If you want to use a virtual private network, more commonly known as a VPN, you’ll need to select a VPN protocol. While most VPN providers will automatically use the best-suited protocol for your network, you can also configure your VPN to use other protocols.

In this guide to VPN protocols, you’ll find out what each protocol is, their pros and cons, and how they’re different from one another. However before we get things started, let’s take a quick look at the basics of VPN protocols.

VPN Protocols Explained

When use a VPN, you connect to the Internet via a remote server run by the VPN provider you signed up to. The speed and security of your connection depends on the chosen VPN protocol, which is a set of rules for data encryption and transmission.

There are many types of protocols used in VPN connections such as PPTP, OpenVPN, L2TP, SSTP, and IKEv2. Since different protocols use different methods for encryption and authentication, each of them offer varying levels of security and speed.

VPN Protocols Comparison

Here’s an explanation of the most prominent VPN protocols so that you can decide which one is the best choice for you:

PPTP – Point-to-Point Tunneling Protocol

One of the oldest VPN protocols, PPTP is fast and supported by all versions of Windows as well as most other desktop and mobile operating systems. It’s obsolete and has many known security holes, meaning these connections can easily be decrypted by third-parties like attackers and governments.

Even though PPTP is easy to configure and comes integrated into many different platforms, it’s still vulnerable to man-in-the-middle and other attacks and shouldn’t be used if security is the top priority for you.

To sum it up: PPTP is outdated and unsafe. You should stay away – unless you want good speeds of course!

Pros:

  • Very fast
  • Easy to configure
  • Wide support

Cons:

  • Not secure

One of the most advanced VPN protocols, OpenVPN offers the highest level of performance and security. It’s highly configurable, supported by most popular operating systems, and being open source, frequently reviewed and improved by experts.

The VPN protocol uses UDP (a good balance of security and speed) or TCP (higher encryption degree but slower speed) to transport data, and requires a third-party application to install – either a mobile app or desktop software.

To sum it up: OpenVPN is secure and doesn’t compromise on speed and performance, though you’ll need to install a third-party application. This is the VPN protocol you should use.

Pros:

  • Very secure
  • Highly configurable
  • Open source
  • Bypasses firewalls

Cons:

  • Requires third-party software

L2TP/IPSec – Layer 2 Tunneling Protocol

A better version of the outdated PPTP protocol, L2TP is usually implemented over Internet Protocol Security (IPSec) for encryption. It’s fairly easy to configure and relies on fixed ports, making it harder to bypass firewalls with and easier to get blocked.

IPSec encryption is generally considered secure, though there are speculations that the standard has been deliberately weakened by the NSA. Regardless, the two-step process of this VPN protocol makes it a slower option than OpenVPN.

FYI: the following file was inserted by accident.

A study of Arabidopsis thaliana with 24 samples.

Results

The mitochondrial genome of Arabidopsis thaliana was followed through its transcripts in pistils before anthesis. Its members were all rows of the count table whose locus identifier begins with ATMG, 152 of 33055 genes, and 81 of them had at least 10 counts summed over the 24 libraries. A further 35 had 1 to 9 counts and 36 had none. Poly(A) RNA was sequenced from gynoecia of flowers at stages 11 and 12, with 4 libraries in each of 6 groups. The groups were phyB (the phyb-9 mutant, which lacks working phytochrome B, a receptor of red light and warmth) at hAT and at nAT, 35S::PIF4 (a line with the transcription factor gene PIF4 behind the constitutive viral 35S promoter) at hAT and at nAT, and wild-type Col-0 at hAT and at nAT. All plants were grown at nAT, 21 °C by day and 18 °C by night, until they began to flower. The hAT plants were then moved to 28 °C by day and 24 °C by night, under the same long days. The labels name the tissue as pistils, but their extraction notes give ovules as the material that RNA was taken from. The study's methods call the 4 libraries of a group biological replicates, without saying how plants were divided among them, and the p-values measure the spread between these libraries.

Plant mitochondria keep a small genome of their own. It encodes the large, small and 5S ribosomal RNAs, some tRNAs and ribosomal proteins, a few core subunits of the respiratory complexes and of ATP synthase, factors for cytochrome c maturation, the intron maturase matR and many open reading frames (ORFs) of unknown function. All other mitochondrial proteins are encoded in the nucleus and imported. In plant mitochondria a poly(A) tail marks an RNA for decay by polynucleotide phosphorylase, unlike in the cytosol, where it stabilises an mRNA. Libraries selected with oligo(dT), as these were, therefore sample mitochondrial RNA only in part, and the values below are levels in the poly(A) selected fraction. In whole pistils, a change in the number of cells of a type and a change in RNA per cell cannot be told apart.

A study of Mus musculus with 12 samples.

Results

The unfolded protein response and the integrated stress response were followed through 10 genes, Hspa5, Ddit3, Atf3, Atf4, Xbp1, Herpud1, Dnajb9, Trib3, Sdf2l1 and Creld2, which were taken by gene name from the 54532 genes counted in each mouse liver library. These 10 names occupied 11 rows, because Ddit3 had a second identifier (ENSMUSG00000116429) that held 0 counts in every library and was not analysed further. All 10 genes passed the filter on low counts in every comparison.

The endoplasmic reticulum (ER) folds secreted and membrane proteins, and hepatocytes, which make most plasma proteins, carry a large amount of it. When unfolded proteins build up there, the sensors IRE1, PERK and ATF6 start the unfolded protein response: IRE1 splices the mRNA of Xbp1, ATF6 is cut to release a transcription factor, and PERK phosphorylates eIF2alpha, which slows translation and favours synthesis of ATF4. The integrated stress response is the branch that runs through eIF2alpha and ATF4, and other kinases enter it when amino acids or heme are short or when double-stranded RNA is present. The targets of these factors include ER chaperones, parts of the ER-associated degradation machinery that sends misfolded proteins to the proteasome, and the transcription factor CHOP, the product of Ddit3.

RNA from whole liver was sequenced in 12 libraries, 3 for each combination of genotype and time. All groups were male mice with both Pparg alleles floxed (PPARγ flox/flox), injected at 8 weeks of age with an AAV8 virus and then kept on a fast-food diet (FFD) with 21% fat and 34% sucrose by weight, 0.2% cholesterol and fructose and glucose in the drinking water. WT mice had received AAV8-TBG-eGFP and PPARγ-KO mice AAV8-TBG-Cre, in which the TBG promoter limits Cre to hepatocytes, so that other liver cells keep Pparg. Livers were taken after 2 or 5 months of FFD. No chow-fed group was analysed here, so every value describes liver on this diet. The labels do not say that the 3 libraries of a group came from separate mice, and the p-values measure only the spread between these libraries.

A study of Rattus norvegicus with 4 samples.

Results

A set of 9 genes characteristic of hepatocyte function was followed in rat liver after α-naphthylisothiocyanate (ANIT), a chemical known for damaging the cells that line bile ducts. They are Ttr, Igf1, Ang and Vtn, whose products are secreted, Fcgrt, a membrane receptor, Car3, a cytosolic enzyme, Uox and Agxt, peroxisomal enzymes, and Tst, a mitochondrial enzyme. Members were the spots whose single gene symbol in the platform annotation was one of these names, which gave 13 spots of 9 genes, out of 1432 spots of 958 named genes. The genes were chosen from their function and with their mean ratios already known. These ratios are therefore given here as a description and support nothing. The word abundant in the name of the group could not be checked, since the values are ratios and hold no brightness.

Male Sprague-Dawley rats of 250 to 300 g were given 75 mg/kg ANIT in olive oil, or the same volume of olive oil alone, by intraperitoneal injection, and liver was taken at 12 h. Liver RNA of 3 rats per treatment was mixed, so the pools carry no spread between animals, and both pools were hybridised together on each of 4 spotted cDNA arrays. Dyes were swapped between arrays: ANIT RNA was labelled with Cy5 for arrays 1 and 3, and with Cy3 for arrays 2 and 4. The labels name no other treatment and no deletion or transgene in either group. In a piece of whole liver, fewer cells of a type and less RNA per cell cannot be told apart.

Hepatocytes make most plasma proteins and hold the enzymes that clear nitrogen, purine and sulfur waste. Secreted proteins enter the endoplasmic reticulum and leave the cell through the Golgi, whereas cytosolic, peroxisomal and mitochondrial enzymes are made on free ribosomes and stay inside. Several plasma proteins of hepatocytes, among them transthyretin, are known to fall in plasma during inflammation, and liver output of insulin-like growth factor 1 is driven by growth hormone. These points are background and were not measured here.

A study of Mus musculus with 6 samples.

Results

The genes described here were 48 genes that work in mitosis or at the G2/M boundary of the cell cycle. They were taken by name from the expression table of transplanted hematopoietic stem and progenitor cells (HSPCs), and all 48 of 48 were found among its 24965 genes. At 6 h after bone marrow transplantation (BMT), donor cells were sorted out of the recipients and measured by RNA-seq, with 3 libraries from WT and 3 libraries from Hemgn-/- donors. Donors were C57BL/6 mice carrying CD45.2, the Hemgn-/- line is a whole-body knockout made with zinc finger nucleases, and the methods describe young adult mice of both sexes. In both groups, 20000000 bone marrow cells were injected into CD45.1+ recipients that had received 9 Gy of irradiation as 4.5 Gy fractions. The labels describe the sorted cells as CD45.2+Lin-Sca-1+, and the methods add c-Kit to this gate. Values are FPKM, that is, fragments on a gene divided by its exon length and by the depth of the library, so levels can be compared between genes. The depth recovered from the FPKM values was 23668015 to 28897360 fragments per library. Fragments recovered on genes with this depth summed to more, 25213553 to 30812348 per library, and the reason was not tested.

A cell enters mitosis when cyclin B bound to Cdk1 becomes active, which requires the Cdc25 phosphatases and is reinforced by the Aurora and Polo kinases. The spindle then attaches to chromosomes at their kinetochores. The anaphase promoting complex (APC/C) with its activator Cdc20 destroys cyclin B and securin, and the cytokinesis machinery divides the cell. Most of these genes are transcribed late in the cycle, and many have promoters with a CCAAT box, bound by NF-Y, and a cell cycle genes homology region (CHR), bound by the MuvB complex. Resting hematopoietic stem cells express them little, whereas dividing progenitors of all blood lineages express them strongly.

To sum it up: L2TP is theoretically secure and can’t get past restrictive firewalls. So, you’re better of sticking with OpenVPN, but if that’s not an available option, use this instead of PPTP.

Pros:

  • Wide support
  • Easy to configure
  • Better security than PPTP

Cons:

  • Prone to be blocked by firewalls

SSTP – Secure Socket Tunneling Protocol

SSTP offers most of the benefits of OpenVPN, but only on Windows. Developed and owned by Microsoft, it’s very secure, natively supports Windows-based operating systems, and can get around most firewalls.

While SSTP can be configured to use AES encryption, it worth noting that isn’t available on most other platforms, and unlike OpenVPN, is a proprietary protocol which means it can’t be audited independently.

To sum it up: SSTP works best on Windows. Either way, it’s still a better option than PPTP. And since it can be set to use AES encryption, it’s arguably more reliable than L2TP/IPSec.


  • Native support for Windows
  • Very secure
  • Gets around most firewalls

Cons:

  • Not open source
  • Support for other platforms isn’t as widespread

IKEv2 – Internet Key Exchange version 2

One of the newest VPN protocols, IKEv2 offers a highly stable connection, provides great speeds, and is very secure. It’s available on most desktop and mobile operating systems and is practically the only option when it comes to Blackberry users.

However since not all implementations of IKEv2 are trustworthy, you’re better off only using open source versions of the VPN protocol. Just like L2TP, it’s also usually combined with IPSec to provide encryption.

To sum it up: IKEv2 is fast, offers high performance, and highly secure if AES encryption is used. If OpenVPN isn’t available, you should use this option over PPTP, SSTP, and L2TP.

Pros:

  • Stable connection
  • Easy to configure
  • Fast speeds
  • Supports wide variety of encryption protocols

Cons:

  • Can be blocked by restrictive firewalls
  • Platform support is limited

Wrapping Things Up

OpenVPN seems to stand above the rest when it comes to the best VPN protocol. However, if you’re using Windows and want to go for another protocol, SSTP is your guy. If you only have PPTP and L2TP/IPSec available, opt for the latter as it’s more secure. Furthermore, IKEv2 is a good alternative if OpenVPN isn’t available.